My boys are disgusting, if it isn’t talk about farts, poop or snot then it’s Minecraft this, Stampy that. I have always tried to spark their imagination and get them active in learning by using things that interest them. For example, Jack and Oliver really love their Minecraft game, So I set the challenge for them to design a house (on paper) using materials only available in the game. Little did they know they were doing math and some science too, Burning wood to make charcoal.
I was asked recently if the boys would like to review the Gross Science set from John Adams. It is utter revolting and full of the icky stuff my boys seem to love! With British Science Week also happening this week it seemed to be the perfect opportunity, so Oliver got stuck in.
The set is aimed at children 7+ (although with help, younger children could do some of the instructions) and contains 12 activities to really entice them into learning. Included in the set you receive pretty much everything needed. Although (as with a few kits we have used in the past) there are always a couple of items that you need to have. The items you need are (some of these are used more than once);
- Petroleum Jelly,
- an old container
- sharp pencil
- a pair of scissors
- and a non patterned (preferably white) tissue
- plastic spoon
- wooden spoon
- powdered cocoa
- slice of brown bread
- sweet corn
- mixing bowl
- rubber band
- ladies tights
- Bicarbonate of soda
- Jelly (2 kinds)
- Cling Film
- Flaked almonds
The instruction booklet
Within the instruction booklet is everything you need to get started. These are science experiments and as such there are lots of warnings. They are all clearly displayed on the front but it is worth noting to make sure you give them a read before you start. On the first page is also advice for supervising adults and some basic first aid information should a child consume any of the materials.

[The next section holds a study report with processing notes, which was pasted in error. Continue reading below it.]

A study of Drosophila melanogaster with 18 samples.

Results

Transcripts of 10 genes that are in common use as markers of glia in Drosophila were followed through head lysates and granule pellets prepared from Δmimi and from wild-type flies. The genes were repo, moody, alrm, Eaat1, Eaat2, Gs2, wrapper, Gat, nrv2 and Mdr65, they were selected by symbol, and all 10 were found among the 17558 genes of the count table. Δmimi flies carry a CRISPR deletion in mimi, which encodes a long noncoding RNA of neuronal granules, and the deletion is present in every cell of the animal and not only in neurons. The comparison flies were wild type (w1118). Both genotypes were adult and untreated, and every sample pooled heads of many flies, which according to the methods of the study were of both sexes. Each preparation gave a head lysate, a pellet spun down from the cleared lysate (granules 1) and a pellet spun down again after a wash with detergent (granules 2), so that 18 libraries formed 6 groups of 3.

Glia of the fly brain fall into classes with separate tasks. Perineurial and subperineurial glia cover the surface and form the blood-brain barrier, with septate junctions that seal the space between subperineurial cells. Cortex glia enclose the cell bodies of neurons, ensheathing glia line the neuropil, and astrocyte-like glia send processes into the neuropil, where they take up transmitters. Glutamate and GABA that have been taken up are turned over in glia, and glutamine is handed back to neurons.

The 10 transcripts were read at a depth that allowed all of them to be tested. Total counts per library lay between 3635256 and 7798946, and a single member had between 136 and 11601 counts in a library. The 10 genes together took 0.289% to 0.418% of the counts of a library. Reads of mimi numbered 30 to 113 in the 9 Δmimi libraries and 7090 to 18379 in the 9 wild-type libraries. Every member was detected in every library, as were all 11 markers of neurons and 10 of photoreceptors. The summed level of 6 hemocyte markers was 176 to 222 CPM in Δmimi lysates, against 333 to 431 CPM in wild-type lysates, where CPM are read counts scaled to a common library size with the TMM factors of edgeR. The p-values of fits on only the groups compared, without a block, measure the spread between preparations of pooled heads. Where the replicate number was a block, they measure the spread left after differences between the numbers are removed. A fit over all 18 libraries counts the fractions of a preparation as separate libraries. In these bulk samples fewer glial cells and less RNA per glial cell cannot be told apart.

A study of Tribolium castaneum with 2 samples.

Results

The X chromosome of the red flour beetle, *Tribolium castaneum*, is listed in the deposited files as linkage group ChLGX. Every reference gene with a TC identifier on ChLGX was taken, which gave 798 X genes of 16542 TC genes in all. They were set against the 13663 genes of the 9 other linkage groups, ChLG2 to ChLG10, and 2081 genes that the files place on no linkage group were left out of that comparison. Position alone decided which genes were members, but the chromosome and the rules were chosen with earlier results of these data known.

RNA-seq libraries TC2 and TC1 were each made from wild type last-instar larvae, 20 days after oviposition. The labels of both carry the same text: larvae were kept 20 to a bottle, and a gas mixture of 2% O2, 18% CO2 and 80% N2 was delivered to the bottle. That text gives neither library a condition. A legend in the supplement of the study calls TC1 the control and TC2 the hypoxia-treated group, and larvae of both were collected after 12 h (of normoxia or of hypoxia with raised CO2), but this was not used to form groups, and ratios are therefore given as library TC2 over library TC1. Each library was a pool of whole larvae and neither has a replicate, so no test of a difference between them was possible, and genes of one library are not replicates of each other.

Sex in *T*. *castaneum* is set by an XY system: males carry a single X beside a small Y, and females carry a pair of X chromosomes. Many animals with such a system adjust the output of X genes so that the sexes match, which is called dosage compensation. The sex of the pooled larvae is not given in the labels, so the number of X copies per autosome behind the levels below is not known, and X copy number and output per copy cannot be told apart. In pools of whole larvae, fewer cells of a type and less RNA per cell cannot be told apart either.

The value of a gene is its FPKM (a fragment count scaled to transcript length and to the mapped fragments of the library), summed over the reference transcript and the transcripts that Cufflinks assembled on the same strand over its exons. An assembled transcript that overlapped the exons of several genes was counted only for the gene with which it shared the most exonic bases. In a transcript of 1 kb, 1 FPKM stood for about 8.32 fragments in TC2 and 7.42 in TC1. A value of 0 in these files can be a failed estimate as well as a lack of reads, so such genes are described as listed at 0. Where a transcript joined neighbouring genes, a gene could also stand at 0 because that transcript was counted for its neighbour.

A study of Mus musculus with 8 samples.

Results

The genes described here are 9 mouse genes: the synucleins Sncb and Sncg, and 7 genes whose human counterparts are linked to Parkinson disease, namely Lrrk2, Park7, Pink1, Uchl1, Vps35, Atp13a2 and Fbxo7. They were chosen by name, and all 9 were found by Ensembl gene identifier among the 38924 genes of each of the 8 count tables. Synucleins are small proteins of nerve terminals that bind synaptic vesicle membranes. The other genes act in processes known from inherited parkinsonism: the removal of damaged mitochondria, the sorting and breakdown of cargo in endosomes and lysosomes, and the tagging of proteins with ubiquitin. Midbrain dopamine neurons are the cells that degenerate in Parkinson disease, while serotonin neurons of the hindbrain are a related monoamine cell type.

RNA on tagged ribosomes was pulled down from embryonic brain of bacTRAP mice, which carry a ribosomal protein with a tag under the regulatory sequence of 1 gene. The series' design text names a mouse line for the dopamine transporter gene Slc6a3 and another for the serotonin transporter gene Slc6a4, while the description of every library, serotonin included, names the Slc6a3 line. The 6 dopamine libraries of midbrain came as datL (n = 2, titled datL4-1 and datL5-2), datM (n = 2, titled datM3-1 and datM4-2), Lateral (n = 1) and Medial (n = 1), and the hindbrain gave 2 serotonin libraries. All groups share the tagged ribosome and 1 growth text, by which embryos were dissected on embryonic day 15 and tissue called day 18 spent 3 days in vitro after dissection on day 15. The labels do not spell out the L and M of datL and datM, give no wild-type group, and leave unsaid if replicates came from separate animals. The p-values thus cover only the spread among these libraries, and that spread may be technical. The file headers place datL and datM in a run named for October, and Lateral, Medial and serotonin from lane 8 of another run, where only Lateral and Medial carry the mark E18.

“Hi. My name is Stumpy the Odious Ogre and welcome to Gross Science. My totally awesome kit that will take you on a voyage of discovery of just how gross the human body can be. It will teach you about such things as what poo is made from and how one is formed. How burps brew and just how big a human’s brain is.”
Stumpy features throughout the booklet as the one sharing the experiments and for each experiment he teaches the children (and adults too) all about the item they are creating. For example one of the first experiments we did was all about poo and Stumpy answered questions like “Why my poo is brown?” and “Why does Poo smell?”
Experiment 1 – Farts
First thing first and that is personal protection, within the kit you are sent 1 pair of safety goggles. You are also reminded to cover any work surfaces with newspaper and to wear old messy clothes. Fortunately for us our table is old and in dire need of a sand and varnish.
The instructions were really simple to follow and Oliver was able to understand them. What I found really helpful was when an item of equipment was needed they numbered them, so you can reference it to the main picture.
The experiment was really super easy and perfect way to introduce yourself to the set. We couldn’t wait to start experiment number 2.
Experiment 2 – Bouncy Poo
Bouncy poo is really similar to how Farts was made except you add some colouring to the mix to help achieve that brown colour. Oliver was impressed with how quickly it changed consistency but when putting the goo into the poo mould he didn’t like the texture. It was rather slimy and such an odd feeling to touch.
Experiment 3 – Snot
Who doesn’t like a bit of snot? To say Oliver enjoyed this experiment is rather a large understatement he loved it! Again, the instructions were really easy to follow and although we had to wait 24 hours to settle the mixture it was a really fun experiment. This experiment needed a little bit more concentration as you had to be really quick to pour the liquid from one cup to another. If (like us) you are a little bit slow then clumps form and it meant we had to wait a little longer to play with it.
Oliver was super impressed with how quickly his water turned to “snot” almost straightaway he noticed the difference.